An audience looks onward with a mix of amusement and uncertainty as three men, dressed entirely in black with their faces and any remaining showing skin painted blue, descend from the stage of the Briar Street Theater, through the aisles and into the crowd.
The men are the main cast of “The Blue Man Group,” a sort of hybrid between a concert and a circus show, which finds its home in various cities around the world, including Chicago. The resulting spectacle is filled with acrobatics, slapstick comedy, new-wave rock and social comedy that blends together to create a surprisingly accessible and incredibly joyful experience not quite like any other.
The three blue men stare at the audience members closely as if they were from another world, eyeing them with curiosity, almost observing them. The men culminate on one audience member in particular, an elderly woman. They beckon her to stand and join them on stage and she follows with hesitation, propelled forward by applause from the audience all around her.
Once she reaches the stage, however, she embraces the moment and wraps her arms around two of the blue mens’ shoulders, tilting her head back and laughing at the sheer ridiculousness of it all.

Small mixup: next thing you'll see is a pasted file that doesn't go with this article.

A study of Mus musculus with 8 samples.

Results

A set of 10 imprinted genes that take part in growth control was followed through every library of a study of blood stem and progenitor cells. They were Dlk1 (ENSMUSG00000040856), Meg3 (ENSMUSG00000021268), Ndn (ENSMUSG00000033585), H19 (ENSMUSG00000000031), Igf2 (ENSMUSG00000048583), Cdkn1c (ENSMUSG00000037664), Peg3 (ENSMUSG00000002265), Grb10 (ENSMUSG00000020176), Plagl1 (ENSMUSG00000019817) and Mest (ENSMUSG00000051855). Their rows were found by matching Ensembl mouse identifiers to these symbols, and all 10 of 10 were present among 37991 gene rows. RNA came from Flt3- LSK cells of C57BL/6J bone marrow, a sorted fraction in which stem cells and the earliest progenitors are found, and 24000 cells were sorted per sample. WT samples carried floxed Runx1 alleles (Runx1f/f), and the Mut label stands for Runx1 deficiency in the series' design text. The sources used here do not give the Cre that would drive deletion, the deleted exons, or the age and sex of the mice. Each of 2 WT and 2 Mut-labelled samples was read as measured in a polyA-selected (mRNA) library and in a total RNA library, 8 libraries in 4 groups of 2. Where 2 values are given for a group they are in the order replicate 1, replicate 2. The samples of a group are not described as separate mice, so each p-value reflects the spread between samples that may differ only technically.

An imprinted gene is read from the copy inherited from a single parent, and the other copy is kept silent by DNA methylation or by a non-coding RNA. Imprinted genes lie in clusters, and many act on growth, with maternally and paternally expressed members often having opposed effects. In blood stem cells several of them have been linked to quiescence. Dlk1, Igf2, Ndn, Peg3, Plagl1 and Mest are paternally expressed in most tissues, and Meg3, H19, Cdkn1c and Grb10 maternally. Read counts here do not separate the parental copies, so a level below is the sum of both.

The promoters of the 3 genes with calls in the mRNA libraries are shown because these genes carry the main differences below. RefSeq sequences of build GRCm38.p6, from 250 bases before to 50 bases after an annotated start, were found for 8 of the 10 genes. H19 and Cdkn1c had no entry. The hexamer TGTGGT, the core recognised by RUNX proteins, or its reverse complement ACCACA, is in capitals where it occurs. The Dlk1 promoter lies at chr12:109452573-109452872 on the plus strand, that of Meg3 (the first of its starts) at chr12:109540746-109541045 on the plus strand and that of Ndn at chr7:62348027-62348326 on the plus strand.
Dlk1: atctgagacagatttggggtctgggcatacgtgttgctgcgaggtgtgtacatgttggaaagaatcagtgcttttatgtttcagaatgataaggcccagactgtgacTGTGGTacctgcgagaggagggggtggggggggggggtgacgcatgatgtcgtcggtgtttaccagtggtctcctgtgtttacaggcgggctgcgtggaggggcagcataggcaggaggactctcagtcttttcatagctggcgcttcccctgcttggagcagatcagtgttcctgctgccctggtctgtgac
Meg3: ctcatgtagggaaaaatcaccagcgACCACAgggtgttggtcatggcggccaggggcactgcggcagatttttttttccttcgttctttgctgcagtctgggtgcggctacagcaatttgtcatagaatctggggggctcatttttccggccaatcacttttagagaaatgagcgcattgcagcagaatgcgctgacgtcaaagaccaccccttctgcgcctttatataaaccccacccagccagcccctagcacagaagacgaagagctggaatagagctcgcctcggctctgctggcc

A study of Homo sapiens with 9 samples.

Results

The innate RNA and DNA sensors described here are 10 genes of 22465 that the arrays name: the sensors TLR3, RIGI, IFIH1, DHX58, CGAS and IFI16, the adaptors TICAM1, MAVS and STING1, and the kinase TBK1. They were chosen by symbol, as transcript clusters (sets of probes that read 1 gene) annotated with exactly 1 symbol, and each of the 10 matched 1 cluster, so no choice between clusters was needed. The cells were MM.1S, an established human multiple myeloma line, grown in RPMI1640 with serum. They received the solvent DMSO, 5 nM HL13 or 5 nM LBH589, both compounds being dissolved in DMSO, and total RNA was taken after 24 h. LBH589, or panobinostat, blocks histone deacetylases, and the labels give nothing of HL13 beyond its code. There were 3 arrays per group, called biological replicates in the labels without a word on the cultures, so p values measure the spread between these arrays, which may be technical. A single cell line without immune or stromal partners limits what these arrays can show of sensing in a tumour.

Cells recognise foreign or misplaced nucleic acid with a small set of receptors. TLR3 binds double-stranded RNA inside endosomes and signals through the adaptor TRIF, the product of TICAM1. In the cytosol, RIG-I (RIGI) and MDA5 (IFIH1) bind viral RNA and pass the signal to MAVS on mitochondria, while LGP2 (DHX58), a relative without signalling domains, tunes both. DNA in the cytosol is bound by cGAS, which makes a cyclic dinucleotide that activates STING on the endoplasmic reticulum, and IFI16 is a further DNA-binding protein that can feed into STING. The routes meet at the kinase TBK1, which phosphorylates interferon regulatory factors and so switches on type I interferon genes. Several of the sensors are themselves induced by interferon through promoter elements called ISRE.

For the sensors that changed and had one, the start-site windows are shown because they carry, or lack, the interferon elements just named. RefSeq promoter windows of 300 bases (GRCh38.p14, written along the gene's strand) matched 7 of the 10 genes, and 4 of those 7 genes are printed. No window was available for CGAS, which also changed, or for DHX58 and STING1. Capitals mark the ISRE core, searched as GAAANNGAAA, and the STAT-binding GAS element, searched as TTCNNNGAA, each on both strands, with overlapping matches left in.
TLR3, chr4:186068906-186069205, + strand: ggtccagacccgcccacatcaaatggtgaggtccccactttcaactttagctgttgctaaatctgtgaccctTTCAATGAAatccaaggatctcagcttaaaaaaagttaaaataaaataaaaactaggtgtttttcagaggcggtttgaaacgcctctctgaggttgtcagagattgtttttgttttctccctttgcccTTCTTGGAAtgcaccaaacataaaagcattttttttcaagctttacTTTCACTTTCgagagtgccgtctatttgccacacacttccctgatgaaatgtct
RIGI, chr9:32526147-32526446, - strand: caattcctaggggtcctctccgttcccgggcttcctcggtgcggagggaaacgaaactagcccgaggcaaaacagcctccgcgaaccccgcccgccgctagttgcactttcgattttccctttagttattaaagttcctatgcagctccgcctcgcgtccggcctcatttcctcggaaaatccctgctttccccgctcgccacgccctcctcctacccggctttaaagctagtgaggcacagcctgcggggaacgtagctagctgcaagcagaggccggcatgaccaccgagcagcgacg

The scene continues. She and the three blue men sit down at a makeshift scene of a fancy bistro and dine on Twinkies with forks and knives, that is until mashed up “digested” twinkles come shooting out of each of their chests.
If it sounds bizarre,that is because it is. Watching a “Blue Man Group” performance is almost like being transported to an alternate dimension.
However, any initial discomfort or strangeness is soon forgotten. Audience members hoot and holler as the blue men throw what appears to be colored marshmallows and catch them from yards away, suddenly blowing paint from their mouths onto a blank canvas, giving the resulting impromptu artwork to one lucky audience member.
“The Blue Man Group” also offers small doses of social commentary, dealing with concepts of technology, communication and uniformity. However, it isn’t long until the blue men return to their shenanigans and any social implications are left to lie beneath the spectacle.
As a result, “The Blue Man Group” is extremely accessible, as is evident by the giggles of children in the audience echoed throughout the theater. There is something utterly and simplistically joyful in the show. It is- not the audience participation, nor the slapstick comedy, but the blue men characters themselves.
Seemingly from an alien world, the blue men are beacons of childlike innocence, never speaking a word, utterly confused by our world and the strange beings that inhabit it.
Watching a “Blue Man Group” performance not only gives audiences a chance to laugh at the misunderstandings between us and the blue men, it also allows us to examine our own world at a different angle, from a much bluer perspective.